Tuesday, May 22, 2012

How about no, does that work for you?

I'm not sure how long the votes for prisoners farce via the European Court of Human Rights has been going on, I'm pretty sure it was the previous administration though, possibly back to the time of Blair. Still, it has finally ground to a conclusion, it seems we can make our own minds up, or rather the government or our courts can.
The European Court of Human Rights has said individual governments can decide how to implement a ban on convicted prisoners voting.
The judgement means the UK will be able to decide for itself how to resolve the long-standing row over votes for inmates.
But the court says the UK only has six months to outline its proposed reforms.
In a landmark judgment the court found that an Italian prisoner's rights had not been breached.
In a summary of its judgement, the court said it "accepted the [UK] government's argument that each state has a wide discretion as to how it regulates the ban, both as regards the types of offence that should result in the loss of the vote and as to whether disenfranchisement should be ordered by a judge in an individual case or should result from general application of a law."
This comes seven years after the court first ordered the UK to rethink its absolute ban on convicted prisoners voting.
Well, there's my answer, seven years, seven years of mucking about by a court who most people in the UK hold in disdain for its continual meddling in our laws and rights.
Thing is, most people realise that going to prison has to mean the loss of certain rights taken as a given for law abiding citizens. Loss of freedom, loss of conjugal rights, loss of enfranchisement. Pretty basic and until seven years ago taken as a given for anyone being incarcerated at Her Majesty's pleasure. Granted there were special circumstances for those in on remand, but postal votes took care of that.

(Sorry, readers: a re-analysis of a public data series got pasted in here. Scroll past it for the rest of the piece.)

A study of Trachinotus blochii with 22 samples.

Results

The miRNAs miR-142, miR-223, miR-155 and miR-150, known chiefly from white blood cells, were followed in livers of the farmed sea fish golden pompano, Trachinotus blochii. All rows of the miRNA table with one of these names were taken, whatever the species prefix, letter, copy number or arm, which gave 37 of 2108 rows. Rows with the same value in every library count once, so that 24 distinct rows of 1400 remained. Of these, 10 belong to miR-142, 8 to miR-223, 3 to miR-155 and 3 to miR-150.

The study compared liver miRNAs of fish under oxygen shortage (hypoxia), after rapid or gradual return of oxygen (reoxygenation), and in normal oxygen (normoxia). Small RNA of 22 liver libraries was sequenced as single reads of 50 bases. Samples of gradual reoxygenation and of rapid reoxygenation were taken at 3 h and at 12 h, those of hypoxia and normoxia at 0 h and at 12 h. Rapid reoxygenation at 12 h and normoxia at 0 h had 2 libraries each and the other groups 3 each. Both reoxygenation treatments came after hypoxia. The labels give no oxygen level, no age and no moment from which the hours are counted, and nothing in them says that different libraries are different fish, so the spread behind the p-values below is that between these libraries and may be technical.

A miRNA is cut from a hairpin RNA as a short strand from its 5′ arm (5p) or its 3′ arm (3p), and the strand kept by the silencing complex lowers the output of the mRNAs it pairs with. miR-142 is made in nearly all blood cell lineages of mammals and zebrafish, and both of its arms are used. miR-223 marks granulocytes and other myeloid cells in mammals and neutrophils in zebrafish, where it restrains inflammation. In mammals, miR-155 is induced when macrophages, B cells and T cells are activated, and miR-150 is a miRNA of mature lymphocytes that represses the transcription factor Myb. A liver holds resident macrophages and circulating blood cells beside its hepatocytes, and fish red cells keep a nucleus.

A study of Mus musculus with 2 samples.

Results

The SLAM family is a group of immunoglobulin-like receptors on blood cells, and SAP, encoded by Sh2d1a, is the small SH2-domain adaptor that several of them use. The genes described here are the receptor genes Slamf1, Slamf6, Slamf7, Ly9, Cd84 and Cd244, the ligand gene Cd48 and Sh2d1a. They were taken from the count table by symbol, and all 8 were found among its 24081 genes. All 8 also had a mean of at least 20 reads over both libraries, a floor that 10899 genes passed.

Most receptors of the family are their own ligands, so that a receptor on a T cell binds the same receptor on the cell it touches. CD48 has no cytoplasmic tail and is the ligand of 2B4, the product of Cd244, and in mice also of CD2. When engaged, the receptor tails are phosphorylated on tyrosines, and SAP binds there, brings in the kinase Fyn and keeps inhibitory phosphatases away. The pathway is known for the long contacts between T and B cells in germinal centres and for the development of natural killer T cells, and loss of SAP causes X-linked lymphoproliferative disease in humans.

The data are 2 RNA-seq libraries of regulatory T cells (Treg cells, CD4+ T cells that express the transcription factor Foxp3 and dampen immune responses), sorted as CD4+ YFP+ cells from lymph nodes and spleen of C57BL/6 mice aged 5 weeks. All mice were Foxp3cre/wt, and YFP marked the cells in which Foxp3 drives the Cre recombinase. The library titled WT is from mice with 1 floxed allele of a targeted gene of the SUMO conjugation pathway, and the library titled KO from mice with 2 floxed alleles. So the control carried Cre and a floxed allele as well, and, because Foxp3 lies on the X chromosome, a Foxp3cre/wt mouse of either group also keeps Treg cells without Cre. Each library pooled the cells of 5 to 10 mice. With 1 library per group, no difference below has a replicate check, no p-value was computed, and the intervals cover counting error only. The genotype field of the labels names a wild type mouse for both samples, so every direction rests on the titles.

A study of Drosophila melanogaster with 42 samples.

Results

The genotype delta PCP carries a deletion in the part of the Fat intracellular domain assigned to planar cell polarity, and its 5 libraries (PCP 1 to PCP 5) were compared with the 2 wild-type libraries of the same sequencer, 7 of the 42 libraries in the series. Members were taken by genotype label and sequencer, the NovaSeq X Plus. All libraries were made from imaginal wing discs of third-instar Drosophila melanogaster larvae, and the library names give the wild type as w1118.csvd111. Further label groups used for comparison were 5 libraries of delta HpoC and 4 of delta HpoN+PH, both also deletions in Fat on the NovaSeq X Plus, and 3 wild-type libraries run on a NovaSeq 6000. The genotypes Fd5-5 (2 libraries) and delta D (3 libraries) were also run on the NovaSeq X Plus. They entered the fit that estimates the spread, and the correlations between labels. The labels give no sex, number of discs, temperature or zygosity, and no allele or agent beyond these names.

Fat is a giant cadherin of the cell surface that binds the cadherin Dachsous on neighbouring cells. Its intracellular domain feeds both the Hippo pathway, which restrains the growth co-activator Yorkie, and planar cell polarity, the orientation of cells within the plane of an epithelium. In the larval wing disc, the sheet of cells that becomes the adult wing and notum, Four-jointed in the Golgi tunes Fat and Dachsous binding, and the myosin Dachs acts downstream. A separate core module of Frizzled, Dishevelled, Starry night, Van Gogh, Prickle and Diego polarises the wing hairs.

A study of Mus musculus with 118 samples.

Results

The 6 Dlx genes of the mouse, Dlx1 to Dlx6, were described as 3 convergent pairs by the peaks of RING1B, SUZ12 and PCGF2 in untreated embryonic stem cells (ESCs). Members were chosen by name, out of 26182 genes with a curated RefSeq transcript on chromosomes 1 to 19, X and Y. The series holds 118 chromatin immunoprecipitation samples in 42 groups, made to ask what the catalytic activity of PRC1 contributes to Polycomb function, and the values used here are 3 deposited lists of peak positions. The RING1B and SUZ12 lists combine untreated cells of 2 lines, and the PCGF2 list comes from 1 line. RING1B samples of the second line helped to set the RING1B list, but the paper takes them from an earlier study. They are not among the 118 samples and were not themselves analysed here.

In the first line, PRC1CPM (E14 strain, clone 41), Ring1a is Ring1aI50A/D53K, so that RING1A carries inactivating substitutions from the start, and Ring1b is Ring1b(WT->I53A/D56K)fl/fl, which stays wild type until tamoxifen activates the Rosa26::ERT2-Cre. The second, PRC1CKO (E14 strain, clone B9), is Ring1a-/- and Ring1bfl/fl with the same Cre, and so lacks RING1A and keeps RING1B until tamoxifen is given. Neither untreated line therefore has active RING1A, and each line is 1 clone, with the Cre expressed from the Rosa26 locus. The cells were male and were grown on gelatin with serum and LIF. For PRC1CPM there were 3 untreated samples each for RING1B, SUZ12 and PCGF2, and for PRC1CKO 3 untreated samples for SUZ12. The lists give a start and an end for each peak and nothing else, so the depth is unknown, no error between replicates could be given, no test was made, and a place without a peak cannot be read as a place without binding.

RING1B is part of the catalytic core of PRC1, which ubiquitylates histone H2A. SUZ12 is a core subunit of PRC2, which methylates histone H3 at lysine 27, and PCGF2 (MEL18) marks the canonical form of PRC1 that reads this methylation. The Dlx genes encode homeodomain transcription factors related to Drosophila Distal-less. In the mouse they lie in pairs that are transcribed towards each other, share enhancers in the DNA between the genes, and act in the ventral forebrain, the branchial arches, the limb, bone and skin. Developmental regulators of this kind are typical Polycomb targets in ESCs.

Now in an almost complete turn of the wheel the ECHR has said that any decision on prisoners votes is up to the national governments themselves.
So we're back to square one, though God alone knows how Cameron and the Tories will handle it, probably via opinion poll as to which option will gain them the most/cost them the least votes.
Still, the simple way is for the government to decide that the answer is 'no' you can't have a vote, now or ever.
That works for me...

5 annotations:

ANDY5759 said...

If judges get to make the decision when sentencing I can see "political" prisoners being denied the vote while terrorists and murderers would be permitted to vote. Or maybe I am just an old cynic.

Anonymous said...

Quite simple:

1. All prisioners are entitled to vote except:
a. those serving terms of one year or less;
b. those serving terms of one year or more.

No blanket ban. Provisions made for sub-categories.

Maverick said...

Prisoners don't matter to the EU.
What better way to make it look like the UK has a say in their own affairs ...

Captain Haddock said...

"Be a scrote .. Lose your vote" ..

Easy innit ? .. ;)

banned said...

"...the ECHR has said that any decision on prisoners votes is up to the national governments themselves..." Except for a blanket ban, so there have to be exceptions so how about those convicted of the treasonous act of burning the Kings warehouses can vote but no-one else?